Like the whole world these days, Mexico is changing rapidly. I notice more and more modern touches year after year. There are improvements in technology and infrastructure. Travel is getting easier, as I can now go online and book my bus ticket, make my seat selection, and pay via PayPal for my electronic ticket to be presented on my iphone. This is a huge new convenience as before, I had to wait to purchase at the bus station. And the first class buses all have charging ports beneath the seats now.
But what intrigues me the most are the changes driven by trends. I notice this in foods more than anything.
I am continually impressed by the ingenuity of the Mexican people. They are a hard working, enterprising lot, particularly with a keen eye for tourism. Whether it be waterproof phone pouches for sale outside the cenotes, parasailing rides over the Pacific, or the hip coffee shop offering frothy cappuccinos to a Bob Dylan soundtrack from where this post is being written, when the Mexicans figure out what sells, they are all over it. I am certain if they wanted a wall built, not only would it be done in short order, but it would be painted with artistic murals end to end.
I never thought I would say these words about Mexico’s response to trends, but grab your carnivore card….”The Vegans are Coming!” As restaurants evolve to meet the specialized needs of travelers, I notice more and more buzz words on the menus.
There was a time when I felt sorry for any vegetarian who dared venture into the land of carne and queso, thinking if you were to eliminate those two items from the offerings, the vegan would be left with nothing on the plate but an ear of corn and half an avocado. For even the staple of the vegan diet, beans, is seasoned with a quarter kilo of lard here. But in true Mexican fashion to meet the demands of the tourist trade, menus appear to be changing faster than the edges can fray.
The vegetarian/vegan boom really hit home recently when I went back to visit my favorite restaurant in San Miguel, Don Taco Tequila. I had been saving it back for a night when I was especially hungry (and also thirsty as they have great ginger margaritas.) They do an unusual taco in that they grill the cheese until it is crispy, then fold it up inside the tortilla. The crunchy grilled cheese becomes like an inner layer of goodness wrapped around seared meat. Fabulous! Well, I had my taste buds all set. As I sat down to order, I scanned the menu to quickly locate my favorites. The names were all the same, but the ingredients had changed. My first clue was “cashew cheese.” Next was “walnut cheese.” What the heck is with these nut cheeses? I scroll a little further down to see the words “grilled soy”…..further still, “jackfruit.” I asked the waiter “Donde esta la carne????” Nada mas? Que lastima!” (What a pity!)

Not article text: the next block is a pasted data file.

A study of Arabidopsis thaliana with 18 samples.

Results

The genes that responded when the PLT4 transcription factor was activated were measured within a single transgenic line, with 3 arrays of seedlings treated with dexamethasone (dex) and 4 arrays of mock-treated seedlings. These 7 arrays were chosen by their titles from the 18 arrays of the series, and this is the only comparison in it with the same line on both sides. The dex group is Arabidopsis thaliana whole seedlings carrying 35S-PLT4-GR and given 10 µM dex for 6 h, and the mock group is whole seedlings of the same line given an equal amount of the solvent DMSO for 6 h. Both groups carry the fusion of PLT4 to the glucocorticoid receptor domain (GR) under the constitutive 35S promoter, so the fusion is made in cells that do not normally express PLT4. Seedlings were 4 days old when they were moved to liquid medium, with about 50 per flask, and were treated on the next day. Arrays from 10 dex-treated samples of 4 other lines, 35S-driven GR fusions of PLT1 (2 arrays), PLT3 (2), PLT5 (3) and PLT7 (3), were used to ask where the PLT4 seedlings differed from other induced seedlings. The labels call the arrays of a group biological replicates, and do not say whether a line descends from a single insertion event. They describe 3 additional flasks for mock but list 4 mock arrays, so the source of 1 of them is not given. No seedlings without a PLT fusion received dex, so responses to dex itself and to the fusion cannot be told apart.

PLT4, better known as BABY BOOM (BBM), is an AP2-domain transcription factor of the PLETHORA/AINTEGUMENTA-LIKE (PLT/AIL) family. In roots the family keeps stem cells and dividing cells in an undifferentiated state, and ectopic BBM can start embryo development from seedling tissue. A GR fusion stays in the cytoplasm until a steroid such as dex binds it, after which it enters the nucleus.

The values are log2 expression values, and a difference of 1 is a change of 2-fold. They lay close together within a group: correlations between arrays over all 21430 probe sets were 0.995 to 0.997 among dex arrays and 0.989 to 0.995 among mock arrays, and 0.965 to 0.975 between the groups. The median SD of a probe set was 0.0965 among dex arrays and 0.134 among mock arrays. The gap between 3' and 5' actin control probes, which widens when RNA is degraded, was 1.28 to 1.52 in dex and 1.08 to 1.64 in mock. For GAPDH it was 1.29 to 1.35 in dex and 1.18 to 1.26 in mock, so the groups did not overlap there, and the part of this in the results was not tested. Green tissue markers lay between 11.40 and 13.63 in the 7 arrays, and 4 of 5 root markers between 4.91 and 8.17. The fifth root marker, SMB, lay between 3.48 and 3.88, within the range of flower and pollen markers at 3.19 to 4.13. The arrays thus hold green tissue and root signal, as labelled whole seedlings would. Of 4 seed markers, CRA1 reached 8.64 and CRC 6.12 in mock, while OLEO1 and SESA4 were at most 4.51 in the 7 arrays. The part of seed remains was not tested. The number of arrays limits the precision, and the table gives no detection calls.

For I am a “cattleman’s daughter.” Altruistically, I would like to embrace the vegetarian philosophy. But physically and emotionally, I have yet to break free of the meat habit. I’ve watched all the movies that are supposed to turn one off animal products forever. I try to do the right thing by the Animal Kingdom. I do worry about the sustainability of the food chain in a growing population. But one whiff of searing meat, and I forget all about where that sizzling sirloin originated.
Trip Advisor’s number one restaurant in Oaxaca, a town known for setting the culinary trend, is now a bread place. They serve sandwiches and pizza made with their “masa madre,” or sourdough bread. Over half their menu is vegetarian. They advertise healthy offerings using “fermentation and probiotics.” These are not words I am accustomed to seeing in Mexico.
Always a country that has been bold and unapologetic about its meat consumption, the meat substitutes are making their way to the menu as quickly as the meat dishes are giving way. Pozole with mushrooms. Mole Portobella. And the culinary elevation of the ubiquitous chapuline, or roasted whole-bodied grasshoppers. I even saw “ant eggs” on one menu. eeeuuww!
But all is not lost, fellow carnivores. If you are looking for one hard core seared meat extravaganza typical of “old Mexico,” look no further than the Carne Asada halls of the Mercado 20 de Noviembre in Oaxaca. You will smell it long before you see it, as the heavy smoke emulsified with fat globules wafts through the air. Hawkers vie for your business, promising the freshest slivers of tasajo, (beef shaved paper thin,) chorizo, (sausage) or cecina (partially dried beef.) Flames soar high into the air as the slices of flank steak sizzle once they hit the grill. Choose your accompaniments while your carne is cooking; grilled onions and peppers, guacamole, pico de gallo, radishes, cucumbers, all offered up al la carte at around fifty cents a serving.
The day I see tofu among these offerings, that’s when I’ll know the trend has become a tipping point.